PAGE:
Yesterday I interviewed the historian H.W. Brands about his biography of Ronald Reagan–and it went really well! I was nervous, cuz I’m new to interviewing authors on the show, but Brands was super friendly, chatted with me for three times the allotted 20 minutes I’d requested, and afterward I kinda bounded around my apartment, happy to’ve not looked like an idiot, except I’m still on the hook about this question–it’s been asked by my roommate and a couple colleagues and a bartender–of whether or not I like Reagan, now that I’m done with the book, as either a political figure or a human being.
Brands has an interesting contention, though, about the whole genre of presidential biography; he’s real eloquent on the subject in this speech from Politics & Prose in which he argues that, in the United States, there’s a kind of cult around the presidency, a kind of transcendent fascination with everything from their wardrobe to their schedule to their diet and sex life and haircut.
Brands is averse to this. Not necessarily cuz he believes it’s unhealthy in and of itself but rather because the cult can become so avid that it distorts their perception of how the world was moving around that figure.
Ronald Reagan, Brands is at pains to emphasize, did not end the Cold War.
Was he instrumental in it? Sure. But so was Margaret Thatcher, Mikhael Gorbachev–there’s a pretty wide cast of characters, depending on how you want to tell the story.
So Brands’s concern is that the cult of the presidency tends to narrow the aperture through which readers look at world events. And, accordingly, throughout Reagan he sometimes abandons his subjects (the Gipper himself) for three or four pages at a time in order to detail some squabbling within the administration, or to play out a particular HUAC hearing, or explore Nancy Reagan’s intense and well-founded concerns for her husband’s safety.
Hence, in the aftermath of Brands’s book, when I sit around wondering whether or not I’m fond of the figure in question…I think the historian would be glad if I didn’t bother with that question. I think he’d say it’s way more constructive to simply take a cold eye toward the dude’s accomplishments, his failures, and then simply contextualize the dude’s actions within his historical moment.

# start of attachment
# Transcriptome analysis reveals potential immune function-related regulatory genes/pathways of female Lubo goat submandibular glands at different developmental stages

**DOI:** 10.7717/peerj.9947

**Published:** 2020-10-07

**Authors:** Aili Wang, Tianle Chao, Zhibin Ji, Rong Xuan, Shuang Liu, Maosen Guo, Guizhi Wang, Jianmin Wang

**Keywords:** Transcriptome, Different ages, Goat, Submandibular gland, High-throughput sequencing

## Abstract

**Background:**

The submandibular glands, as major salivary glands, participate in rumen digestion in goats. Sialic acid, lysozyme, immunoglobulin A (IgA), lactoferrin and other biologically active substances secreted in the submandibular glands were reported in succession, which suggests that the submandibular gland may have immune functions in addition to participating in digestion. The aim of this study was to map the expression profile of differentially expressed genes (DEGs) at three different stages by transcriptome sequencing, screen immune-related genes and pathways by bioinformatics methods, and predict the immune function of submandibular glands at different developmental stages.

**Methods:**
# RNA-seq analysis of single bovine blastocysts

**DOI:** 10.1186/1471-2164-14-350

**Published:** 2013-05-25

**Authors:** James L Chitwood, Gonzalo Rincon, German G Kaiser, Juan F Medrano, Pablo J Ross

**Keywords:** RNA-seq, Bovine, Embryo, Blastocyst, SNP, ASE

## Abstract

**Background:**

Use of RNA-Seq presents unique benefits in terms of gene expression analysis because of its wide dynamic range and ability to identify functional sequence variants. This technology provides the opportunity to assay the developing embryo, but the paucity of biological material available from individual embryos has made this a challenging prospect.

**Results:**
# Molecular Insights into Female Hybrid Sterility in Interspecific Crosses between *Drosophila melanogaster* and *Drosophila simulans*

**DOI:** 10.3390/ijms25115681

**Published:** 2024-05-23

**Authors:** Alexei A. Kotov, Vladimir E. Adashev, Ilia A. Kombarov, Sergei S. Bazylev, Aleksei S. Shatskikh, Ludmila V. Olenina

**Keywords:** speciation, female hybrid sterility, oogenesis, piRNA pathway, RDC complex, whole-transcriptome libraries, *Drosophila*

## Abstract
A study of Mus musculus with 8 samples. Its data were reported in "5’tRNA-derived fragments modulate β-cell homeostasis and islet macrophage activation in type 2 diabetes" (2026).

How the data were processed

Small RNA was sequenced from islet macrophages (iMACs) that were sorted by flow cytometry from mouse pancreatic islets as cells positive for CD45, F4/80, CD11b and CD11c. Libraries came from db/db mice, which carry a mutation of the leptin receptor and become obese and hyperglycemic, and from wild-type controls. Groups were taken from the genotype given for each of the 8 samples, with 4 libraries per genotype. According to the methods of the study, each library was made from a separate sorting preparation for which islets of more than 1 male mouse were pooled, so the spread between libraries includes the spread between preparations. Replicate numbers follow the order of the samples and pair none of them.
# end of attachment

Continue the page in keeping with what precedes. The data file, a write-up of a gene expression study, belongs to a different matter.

I felt the same way, sort of, after reading Jonathan Alter’s wonderful biography of Jimmy Carter (Reagan’s predecessor). I had certain opinions about Carter, about why he behaves a certain way, why he made certain choices, why he won the first election and lost the second. (By the way: you can hear my conversation with Jonathan Alter about his President Carter biography on the podcast, here.)
But I can’t claim to’ve reached a verdict about the man, or about the politician.
The book left me with too complex an understanding.
The same can be said of Brands’s job with Reagan. I’m still registered as a republican even though I’ve never voted for a member of that party, and over the past couple years have become kinda repulsed with where the party’s headed such that I’m a bit itchy to get out of it, but part of what I feel now (being, essentially, a progressive) is that I’m supposed to hate Reagan. Or his presidency, at least. Indeed, after the interview, I went to Redbar and chatted with a bartender about my affinity for the book, and how I was charmed by the subject, and–allowing that the book might indeed have been good–she balked at the last part. “Reagan was awful!” Started telling me things that I didn’t quite know, things that might actually be different tilts on facts I picked up from the biography.
But I’m sure it’s naive to feel like, as an im- or explicit member of a certain group, I’m supposed to adopt their roster of enemies too. I’m still thinking my way through this whole “presidency” thing I’ve been on a kick about for so long.